Jenna Walsh always knew she wanted to go into Indigenous librarianship, even as a young girl. She had noticed the absence of Aboriginal content in her schoolbooks. “And it’s not just content, but Indigenous content by Indigenous people,” says Walsh. “It should be Indigenous voices, not about them. I always wanted to change that aspect of the education system, particularly in the university, because that’s where new research and new initiatives emerge.”
For instance, the Xwi7xwa (pronounced HwaiWah) First Nations Library at UBC uses the Brian Deer classification scheme, based on the Library of Congress system, but addressing topics from an Aboriginal perspective. “In health, it might focus on diabetes. Hopi would not be collocated with Haida because of the letter H. Tsimshian would be near Haida because of geographical and cultural proximity,” says Walsh.
Walsh specializes in helping with Indigenous research methodologies. Modern academic studies are not just about Aboriginal peoples. They are by and for them. “The research is what the community decides they need, not so much what the researcher needs,” says Walsh. The data is considered to be owned by the community not the researchers. “Our digital collections will support Indigenous communities,” says Walsh.
To help First Nations students, Walsh is developing more interactive and self-paced learning tools, distance education compatible materials, online modules and videos especially for learners in dispersed or remote communities.
She’s currently creating a library orientation program for Indigenous students, as well as a strategy to attract Indigenous high school students. “I want to demystify the academy and help them understand that the library is loaded with resources for them,” says Walsh.
She’s also developing specific collections featuring Indigenous knowledge. Examples might be traditional hunting and harvesting methods, aural research recordings of aboriginal languages, and much more. “We also want to ensure the collections are accessible by the indigenous community,” says Walsh.
Walsh will work with SFU Indigenous community members developing speaker series, teach-ins, and less formal initiatives that include students, faculty, and staff.
She feels the university should have a website that celebrates accomplishments of aboriginal staff, students and faculty. The idea is to encourage other indigenous students to stick with it, and to show off SFU as a place for excellent Indigenous scholarship.
“This is me getting back to my dream area,” says Walsh, who grew up in Vancouver with it’s large and diverse Aboriginal community. “Indigenous art is used to promote all sorts of things. It’s frustrating for people to have their culture appropriated, but not represented in the education system,” says Walsh, noting that the SFU library itself is on Coast Salish territory.
Her welcoming blanket from SFU’s Office of Aboriginal Peoples has a logo by Haida artist Juanita Ens. An eagle’s tongue touches a mountain, representing the transfer of knowledge. “I think it’s particularly apt in regards to the enhanced relationship with the library I am creating for Indigenous people,” says Walsh.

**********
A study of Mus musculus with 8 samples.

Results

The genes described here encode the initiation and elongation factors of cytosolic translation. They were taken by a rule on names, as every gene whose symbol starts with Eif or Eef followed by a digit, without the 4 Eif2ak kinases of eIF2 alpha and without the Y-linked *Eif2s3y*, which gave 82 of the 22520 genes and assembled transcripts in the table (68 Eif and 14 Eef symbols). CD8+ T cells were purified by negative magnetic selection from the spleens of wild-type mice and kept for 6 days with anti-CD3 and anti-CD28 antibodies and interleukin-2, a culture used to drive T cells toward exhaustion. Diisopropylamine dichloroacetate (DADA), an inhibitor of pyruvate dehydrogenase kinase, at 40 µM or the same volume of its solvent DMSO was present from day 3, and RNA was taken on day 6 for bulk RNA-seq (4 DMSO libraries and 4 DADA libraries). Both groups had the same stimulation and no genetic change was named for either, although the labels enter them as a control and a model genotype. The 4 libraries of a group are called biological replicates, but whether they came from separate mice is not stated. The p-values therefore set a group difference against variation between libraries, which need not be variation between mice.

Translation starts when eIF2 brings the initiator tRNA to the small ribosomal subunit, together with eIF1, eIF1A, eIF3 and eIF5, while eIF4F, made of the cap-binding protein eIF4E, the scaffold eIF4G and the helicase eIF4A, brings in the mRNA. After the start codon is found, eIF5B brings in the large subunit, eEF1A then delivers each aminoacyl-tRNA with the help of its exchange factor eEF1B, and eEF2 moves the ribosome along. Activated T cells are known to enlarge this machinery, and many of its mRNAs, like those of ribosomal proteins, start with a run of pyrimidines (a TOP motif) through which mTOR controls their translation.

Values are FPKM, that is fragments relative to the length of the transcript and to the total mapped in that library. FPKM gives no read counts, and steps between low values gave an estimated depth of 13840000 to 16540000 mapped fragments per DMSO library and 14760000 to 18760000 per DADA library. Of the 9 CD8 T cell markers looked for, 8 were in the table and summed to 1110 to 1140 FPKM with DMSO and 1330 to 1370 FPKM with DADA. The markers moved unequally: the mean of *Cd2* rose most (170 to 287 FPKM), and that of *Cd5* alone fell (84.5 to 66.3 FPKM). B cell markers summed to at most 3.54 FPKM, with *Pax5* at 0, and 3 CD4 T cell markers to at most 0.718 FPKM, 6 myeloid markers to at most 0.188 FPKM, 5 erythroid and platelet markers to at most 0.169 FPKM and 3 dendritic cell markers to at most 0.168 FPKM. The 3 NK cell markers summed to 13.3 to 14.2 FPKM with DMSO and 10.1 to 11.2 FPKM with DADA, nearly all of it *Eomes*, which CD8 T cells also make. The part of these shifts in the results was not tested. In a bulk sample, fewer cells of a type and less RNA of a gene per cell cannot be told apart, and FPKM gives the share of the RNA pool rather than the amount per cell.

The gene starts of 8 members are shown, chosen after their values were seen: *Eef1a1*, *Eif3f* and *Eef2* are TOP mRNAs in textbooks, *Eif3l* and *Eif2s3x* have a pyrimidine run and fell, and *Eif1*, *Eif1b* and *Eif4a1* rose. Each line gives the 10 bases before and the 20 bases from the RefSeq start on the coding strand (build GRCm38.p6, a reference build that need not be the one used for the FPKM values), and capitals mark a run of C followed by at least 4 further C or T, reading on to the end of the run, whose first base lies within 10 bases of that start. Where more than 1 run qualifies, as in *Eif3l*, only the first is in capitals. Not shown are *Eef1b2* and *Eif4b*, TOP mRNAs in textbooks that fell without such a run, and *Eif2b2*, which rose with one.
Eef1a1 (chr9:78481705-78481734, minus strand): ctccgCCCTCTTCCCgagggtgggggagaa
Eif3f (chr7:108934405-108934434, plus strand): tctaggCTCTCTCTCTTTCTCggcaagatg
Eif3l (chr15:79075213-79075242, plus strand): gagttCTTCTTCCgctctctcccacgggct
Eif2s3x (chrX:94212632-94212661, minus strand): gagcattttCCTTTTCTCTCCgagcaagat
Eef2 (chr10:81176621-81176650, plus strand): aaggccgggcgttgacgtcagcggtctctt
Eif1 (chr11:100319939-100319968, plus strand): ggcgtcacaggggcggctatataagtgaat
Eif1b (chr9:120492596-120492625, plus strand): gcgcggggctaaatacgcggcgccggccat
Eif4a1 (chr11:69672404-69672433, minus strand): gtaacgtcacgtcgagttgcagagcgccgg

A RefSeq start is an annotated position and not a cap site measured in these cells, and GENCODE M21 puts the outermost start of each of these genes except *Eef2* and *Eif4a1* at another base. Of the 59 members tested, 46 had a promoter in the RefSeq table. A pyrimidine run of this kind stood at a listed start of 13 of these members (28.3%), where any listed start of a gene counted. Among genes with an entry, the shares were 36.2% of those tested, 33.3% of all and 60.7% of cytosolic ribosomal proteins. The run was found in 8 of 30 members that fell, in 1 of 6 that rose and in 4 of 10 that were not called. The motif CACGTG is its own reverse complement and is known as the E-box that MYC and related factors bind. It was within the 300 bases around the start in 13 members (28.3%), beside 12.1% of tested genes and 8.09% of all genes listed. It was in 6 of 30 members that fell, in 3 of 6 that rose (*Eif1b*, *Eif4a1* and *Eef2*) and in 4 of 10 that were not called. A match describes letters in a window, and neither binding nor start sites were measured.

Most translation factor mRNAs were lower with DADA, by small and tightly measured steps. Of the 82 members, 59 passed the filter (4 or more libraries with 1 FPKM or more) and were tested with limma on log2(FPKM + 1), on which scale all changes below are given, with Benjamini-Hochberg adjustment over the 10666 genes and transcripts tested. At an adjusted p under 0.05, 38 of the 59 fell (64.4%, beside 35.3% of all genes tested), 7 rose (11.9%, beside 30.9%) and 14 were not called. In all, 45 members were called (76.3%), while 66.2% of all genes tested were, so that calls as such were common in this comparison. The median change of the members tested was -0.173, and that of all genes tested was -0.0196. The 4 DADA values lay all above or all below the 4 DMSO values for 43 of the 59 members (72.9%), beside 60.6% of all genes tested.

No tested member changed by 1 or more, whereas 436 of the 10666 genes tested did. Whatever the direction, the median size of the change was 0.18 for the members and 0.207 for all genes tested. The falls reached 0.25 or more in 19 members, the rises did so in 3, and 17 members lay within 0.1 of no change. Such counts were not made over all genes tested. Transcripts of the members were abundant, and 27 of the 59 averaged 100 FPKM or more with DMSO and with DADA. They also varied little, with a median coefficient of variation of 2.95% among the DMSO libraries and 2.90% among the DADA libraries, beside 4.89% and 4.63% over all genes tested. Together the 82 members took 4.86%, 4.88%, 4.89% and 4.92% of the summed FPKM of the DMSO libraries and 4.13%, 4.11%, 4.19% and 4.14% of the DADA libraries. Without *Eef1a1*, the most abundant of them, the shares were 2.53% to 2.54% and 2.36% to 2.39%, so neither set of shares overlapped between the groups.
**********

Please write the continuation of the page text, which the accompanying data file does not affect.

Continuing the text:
Walsh has been working with Aboriginal communities and SFU students, staff and faculty to determine how best to enhance and develop the library’s services for Aboriginal students.
A new library fund for First Nations studies and initiatives, for example, is making it possible to acquire three new Indigenous journals this year:
Journal of the Native American and Indigenous Studies Association
Winds of Change, from the American Indian and Science Engineering Society
Justice as Healing, from the Native Law Centre of Canada
Walsh is also working with SAGE (Supporting Aboriginal Graduate Enhancement), an interdisciplinary and cross-institutional peer-mentoring program that supports Aboriginal graduate students to successfully complete their degree.
“Aboriginal graduate students are far more engaged in Indigenous research and methodologies, and issues of Indigenous intellectual property and supporting Indigenous knowledge systems,”
With this in mind, she is developing more Indigenous library research and knowledge workshops as well as more culturally relevant library support for distance education courses.
In the lead-up to Truth and Reconciliation Week last September, Walsh prepared a classroom resource guide featuring library materials relevant to discussions on the residential school legacy. The guide includes videos, audio-visual materials, and selected print and electronic resources.
“We have a very strong collection and I think some people may not have been aware of that,”
The library is also assembling a growing collection of live-streamed videos with Aboriginal content.
The SFU Library will also be assisting the First Nations Language Centre as it begins to reap research results from its $2.5-million Social Sciences and Humanities Research Council grant to revitalize B.C.’s First Nations languages.
“The library will be developing indexed digital collections of the project’s research, including audio and video recordings,” says Walsh. “We’ll be holding workshops with each community to develop the collections in a culturally relevant way and observe cultural protocols of access or non-access.”
The collection will include oral stories and sound files of conversations.
Walsh is also working with the Indigenous Student Centre to build on the existing Indigenous academic content in Summit, SFU’s institutional research repository.
“It would be nice to have a place where we can showcase Indigenous academia—the achievements of our Indigenous faculty and graduate students, and special projects by undergraduates as well.”